Q&A: Cisco CFO Discusses Changes and Future Plans for San Jose Coyote Valley Campus

October 23, 2001

Cisco recently changed the plans for its Coyote Valley campus. Cisco Chief Financial Officer Larry Carter discusses the changes and what Cisco's future plans are for that area.

Q: What changes are you making to your Coyote Valley campus plan and why?

A: After the economy slowed, we revised forecasts of our space needs and made changes to our real estate plans. As part of that we decided to scale back our plans in Coyote Valley. We still believe Coyote Valley is a great location for a corporate campus and will still be able to build there in the future if we need to.

Q: Originally, Cisco planned for a campus of 6.6 million square feet for up to 20,000 employees. What are your plans now?

A: Under our agreements with our partners, the parcel we may develop over time could hold roughly between one and three million square feet, which translates into a capacity for 3,000 to 9,000 employees.

Q: Given the change of scope to your Coyote Valley plans, are you also now thinking of moving the company from San Jose?

A: We are not considering moving from San Jose and we want to keep our headquarters and largest campus in San Jose. San Jose is an excellent location for Cisco for many reasons, including the extraordinary talent pool in this area.

Q: Where else have you made changes?

A: Over the past several months, we have evaluated and made changes to plans all around the world. For example, we have scaled back projects in other places in the Bay Area, such as Dublin and Alviso; elsewhere in the US, such as Richardson, Texas and the Boston area; and internationally in places such as Britain and Australia.

Q: Why were you planning for so much space around the world?

A: Real estate planning is a long-term process including multiple approvals, architectural planning and construction. At the rate we were growing, we would have needed all of that space and probably more. We had to ensure that in the years to come we would be able to accommodate a much larger workforce. But our plans have changed. Our workforce will still grow over time, but not nearly as fast as we had planned for before the economy slowed.

Q: Does this shift mean that Cisco's business is declining?

A: We are a strong, well-positioned company with a great future. The change of scope in our plans for Coyote Valley do not reflect any change in previously stated projections about growth, revenues or the future in general.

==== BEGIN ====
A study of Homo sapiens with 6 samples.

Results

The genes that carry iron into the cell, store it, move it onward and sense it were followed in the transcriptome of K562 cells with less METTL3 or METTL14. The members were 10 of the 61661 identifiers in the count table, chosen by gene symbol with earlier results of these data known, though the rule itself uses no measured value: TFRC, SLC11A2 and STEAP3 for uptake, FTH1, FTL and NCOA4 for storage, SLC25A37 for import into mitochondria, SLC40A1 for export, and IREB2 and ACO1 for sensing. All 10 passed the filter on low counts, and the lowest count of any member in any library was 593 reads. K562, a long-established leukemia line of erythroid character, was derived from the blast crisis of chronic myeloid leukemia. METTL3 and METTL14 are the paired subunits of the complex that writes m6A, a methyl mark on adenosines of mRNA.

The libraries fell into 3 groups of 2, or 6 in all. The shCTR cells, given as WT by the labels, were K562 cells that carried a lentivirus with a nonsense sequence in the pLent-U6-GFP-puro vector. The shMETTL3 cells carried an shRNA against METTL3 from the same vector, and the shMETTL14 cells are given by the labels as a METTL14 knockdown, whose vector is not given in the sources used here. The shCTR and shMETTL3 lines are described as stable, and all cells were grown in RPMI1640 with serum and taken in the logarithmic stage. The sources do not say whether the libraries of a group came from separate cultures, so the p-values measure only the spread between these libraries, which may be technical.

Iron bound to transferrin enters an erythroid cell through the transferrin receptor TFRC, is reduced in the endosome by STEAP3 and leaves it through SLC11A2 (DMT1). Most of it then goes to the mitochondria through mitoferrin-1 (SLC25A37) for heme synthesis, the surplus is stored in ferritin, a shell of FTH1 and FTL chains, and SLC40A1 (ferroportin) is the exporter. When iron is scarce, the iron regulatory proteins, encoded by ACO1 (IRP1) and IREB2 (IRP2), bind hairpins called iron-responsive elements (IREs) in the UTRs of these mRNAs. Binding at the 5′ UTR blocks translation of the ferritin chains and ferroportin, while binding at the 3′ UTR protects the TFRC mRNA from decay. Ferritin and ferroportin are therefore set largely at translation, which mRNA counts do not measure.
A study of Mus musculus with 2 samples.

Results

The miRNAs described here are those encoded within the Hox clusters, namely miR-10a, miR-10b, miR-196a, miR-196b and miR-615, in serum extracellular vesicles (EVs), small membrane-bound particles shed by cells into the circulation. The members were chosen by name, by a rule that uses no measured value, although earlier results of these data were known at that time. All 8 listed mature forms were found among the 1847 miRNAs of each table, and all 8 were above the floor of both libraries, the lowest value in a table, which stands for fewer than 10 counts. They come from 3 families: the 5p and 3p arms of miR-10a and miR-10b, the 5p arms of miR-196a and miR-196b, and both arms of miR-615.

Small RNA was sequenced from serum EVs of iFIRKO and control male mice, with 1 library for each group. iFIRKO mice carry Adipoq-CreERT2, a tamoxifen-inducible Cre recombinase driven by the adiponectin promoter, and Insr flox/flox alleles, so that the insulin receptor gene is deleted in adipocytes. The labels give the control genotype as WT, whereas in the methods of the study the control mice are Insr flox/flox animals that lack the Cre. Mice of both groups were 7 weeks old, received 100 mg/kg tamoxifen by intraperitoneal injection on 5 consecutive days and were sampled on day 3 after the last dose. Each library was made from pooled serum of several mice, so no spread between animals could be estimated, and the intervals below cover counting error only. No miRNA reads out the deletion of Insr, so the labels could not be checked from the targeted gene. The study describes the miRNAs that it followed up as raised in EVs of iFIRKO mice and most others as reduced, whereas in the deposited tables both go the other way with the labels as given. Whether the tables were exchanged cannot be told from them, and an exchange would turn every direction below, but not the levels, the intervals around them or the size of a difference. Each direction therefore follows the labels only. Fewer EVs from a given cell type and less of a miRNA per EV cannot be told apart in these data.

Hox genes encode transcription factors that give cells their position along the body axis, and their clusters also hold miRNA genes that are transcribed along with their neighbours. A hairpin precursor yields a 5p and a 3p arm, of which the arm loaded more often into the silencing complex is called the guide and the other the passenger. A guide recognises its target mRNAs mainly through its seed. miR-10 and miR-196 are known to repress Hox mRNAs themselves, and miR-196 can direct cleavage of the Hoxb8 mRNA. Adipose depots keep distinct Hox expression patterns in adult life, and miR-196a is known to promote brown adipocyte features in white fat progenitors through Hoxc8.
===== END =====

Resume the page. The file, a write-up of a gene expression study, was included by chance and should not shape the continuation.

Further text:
Q: What will happen to the rest of the land?

A: Cisco is a partner in a partnership that owns the land. Initially we expected to be the sole user of the land. The controlling partners of this partnership will now develop the rest of the land. Being in the real estate and development business, these partners are best equipped to identify additional companies for the remainder of the property.

Q: When will you start construction of the smaller campus?

A: We have always said that we would build in Coyote Valley over time, as we needed the space. We had anticipated needing the space as soon as possible. But with the changes I discussed earlier, we do not need the space right now. We will wait to begin building until we need more space.

Q: Why did you decide to hold on to some of the property instead of letting all of it go?

A: We think Coyote Valley is a great place for a campus and is a valuable asset. We decided it wasn't prudent to plan such a large campus now, but we also didn't want to lose our opportunity to build there in the future. What we've done is preserve our ability to build while reducing our expenses and risk.

Q: Was the long public review process a factor in your decision to reduce your commitment to the project?

A: No, the decision was based solely on our reduced need for office space in the foreseeable future. The review process, and the opportunity for public debate and disagreement, is a very important part of community planning and development. Cisco has always supported the process. We disagreed with objections some made to the project, changed our plans in many ways to accommodate some concerns, and ultimately earned widespread support for the project.

Q: Did Calpine's plans to build a power plant near the site affect your decision?

A: No. The Mayor and City Council successfully worked out a compromise with Calpine to address the health and safety concerns we expressed during the hearing process.

Q: If you don't begin construction of campus buildings, will construction still move forward on infrastructure construction?

A: We believe it will once all applicable permits have been obtained. Decisions regardinginfrastructure will be made by the controlling partners.